Nature’s deadliest predator

Staff Writer
Story City Herald

—by Steve Lekwa

I recently enjoyed helping with two hunter education classes. The classes, as always, were taught by volunteer instructors and our dedicated state conservation officers. There are two more class options available this fall in Story County. A field day course is being offered at McFarland Park on September 13 starting at 5:00. This course offers people who have taken the on-line version of the course a chance to complete their requirements for certification. The second course is a classroom course being offered by Nevada Parks and Recreation at Gates Hall. This 10-hour class will meet from 6:30 to 9:00 on four evenings: Oct. 18, 20, 25, and 27. Each class requires that participants preregister through the Iowa DNR’s website and each has limited enrollment.

The International Hunter Education Association sends a quarterly publication to each registered volunteer instructor full of articles on how to better get the safe and ethical hunting message across to students wishing to hunt. Information in an article by Joe Arterburn in the summer edition is worth passing on. It’s made me reevaluate my ideas on a safety practice that I’ve been rather lax about over the years.

What do you think is the world’s deadliest predator? If you answered a lion, tiger, bear, or shark you’d be wrong. Dropping down the predator list for meanest per pound you might suggest a wolverine, weasel, or maybe even a short-tailed shrew. They are all fearless killing machines, but they’re still not the deadliest predator (at least to people). In terms of the number of people killed per year, the deadliest predator by far is the tiny little mosquito, according to the Center for Disease Control and Prevention. There have been only a few cases so far, but Zika virus is getting lots of press right now because it’s new to North America. We hear little about West Nile Virus, but it was big news a few years ago when it first showed up. It has since spread to all the lower 48 states and Iowa recently reported its first human case for 2016. We never hear about Malaria around here, but that disease alone kills more than 600,000 of the estimated 725,000 people that are killed by mosquito-born illnesses each year. Even humans kill each other at a rate of only about 475,000 per year. Snakes take out another 50,000, and dogs (via rabies) claim 25,000. Sharks get lots of press when they attack someone, but they kill only about 10 people per year around the world.

Death by any predator attack is not a pleasant topic, but a shark or bear attack, though violent, is pretty quick. Death from a mosquito-born disease may finally come after days or even weeks of suffering. Many thousands more people who survive mosquito-born diseases suffer life-changing residual effects for years. Given the risk posed by mosquitoes, I’ve had to grudgingly accept that the mosquito fogger that buzzes by our house some evenings may be necessary even though it probably kills as many non-target insects as it does mosquitoes.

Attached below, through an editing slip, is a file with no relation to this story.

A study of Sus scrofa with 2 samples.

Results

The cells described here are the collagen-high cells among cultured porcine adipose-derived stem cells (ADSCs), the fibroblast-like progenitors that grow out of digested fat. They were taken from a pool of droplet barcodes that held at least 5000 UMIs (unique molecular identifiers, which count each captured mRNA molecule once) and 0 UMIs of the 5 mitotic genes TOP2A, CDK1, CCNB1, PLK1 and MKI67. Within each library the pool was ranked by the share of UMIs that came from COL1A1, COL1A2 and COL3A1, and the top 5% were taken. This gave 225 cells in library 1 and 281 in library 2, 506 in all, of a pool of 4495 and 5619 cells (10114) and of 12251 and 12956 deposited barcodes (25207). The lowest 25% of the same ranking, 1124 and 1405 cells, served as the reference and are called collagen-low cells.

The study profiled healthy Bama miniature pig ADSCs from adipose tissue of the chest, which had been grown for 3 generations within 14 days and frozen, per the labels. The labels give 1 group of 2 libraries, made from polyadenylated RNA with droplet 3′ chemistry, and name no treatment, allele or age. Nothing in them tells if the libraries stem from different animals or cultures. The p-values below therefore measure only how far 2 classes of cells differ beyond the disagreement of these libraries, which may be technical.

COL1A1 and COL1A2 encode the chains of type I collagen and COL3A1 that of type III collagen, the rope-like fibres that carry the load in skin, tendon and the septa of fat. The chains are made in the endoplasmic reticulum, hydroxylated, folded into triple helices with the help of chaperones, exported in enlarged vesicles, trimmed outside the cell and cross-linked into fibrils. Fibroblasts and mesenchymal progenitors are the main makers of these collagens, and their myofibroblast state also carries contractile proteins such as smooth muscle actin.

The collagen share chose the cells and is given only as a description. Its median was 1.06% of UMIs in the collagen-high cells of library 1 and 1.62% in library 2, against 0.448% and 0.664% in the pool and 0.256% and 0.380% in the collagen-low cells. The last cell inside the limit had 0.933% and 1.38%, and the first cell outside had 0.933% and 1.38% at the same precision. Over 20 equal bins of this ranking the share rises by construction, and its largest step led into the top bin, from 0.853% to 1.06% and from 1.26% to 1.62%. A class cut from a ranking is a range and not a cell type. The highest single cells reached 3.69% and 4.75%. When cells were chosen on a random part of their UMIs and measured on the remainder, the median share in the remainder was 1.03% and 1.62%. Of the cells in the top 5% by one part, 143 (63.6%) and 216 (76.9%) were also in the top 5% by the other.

Before you vow to lock yourself indoors until killing frosts make outdoor recreation safe again, let’s get this issue into perspective. Only about 1% of people who contract West Nile Virus develop the most serious form of the disease. Most people don’t even know they’ve had it and show no symptoms at all. You can still go outdoors safely if you take a few precautions and use some preventive measures to reduce the chance of being bitten by mosquitoes. Wear long sleeved shirts and long pants especially around sunset when mosquitoes are most active. Wear a good repellent containing Deet on exposed skin. You can even purchase a pocket sized battery powered repellent dispenser that keeps an area around you relatively mosquito free. One made by the ThermaCELL company is reported to repel biting flies and even those pesky little no-see-ums, as well.

I have tolerated mosquito bites over the years because they seemed to be just a normal part of being outdoors, and staying indoors has never been a popular option for me. The bites tend not to welt up or itch for long on me so I just ignored them. The odds of getting a serious form of a mosquito-born disease that has been found in Iowa is still very low, but the potential for serious illness or even death is still there. I think I’d better pay more attention to preventive measures as I head out. I hope you will too.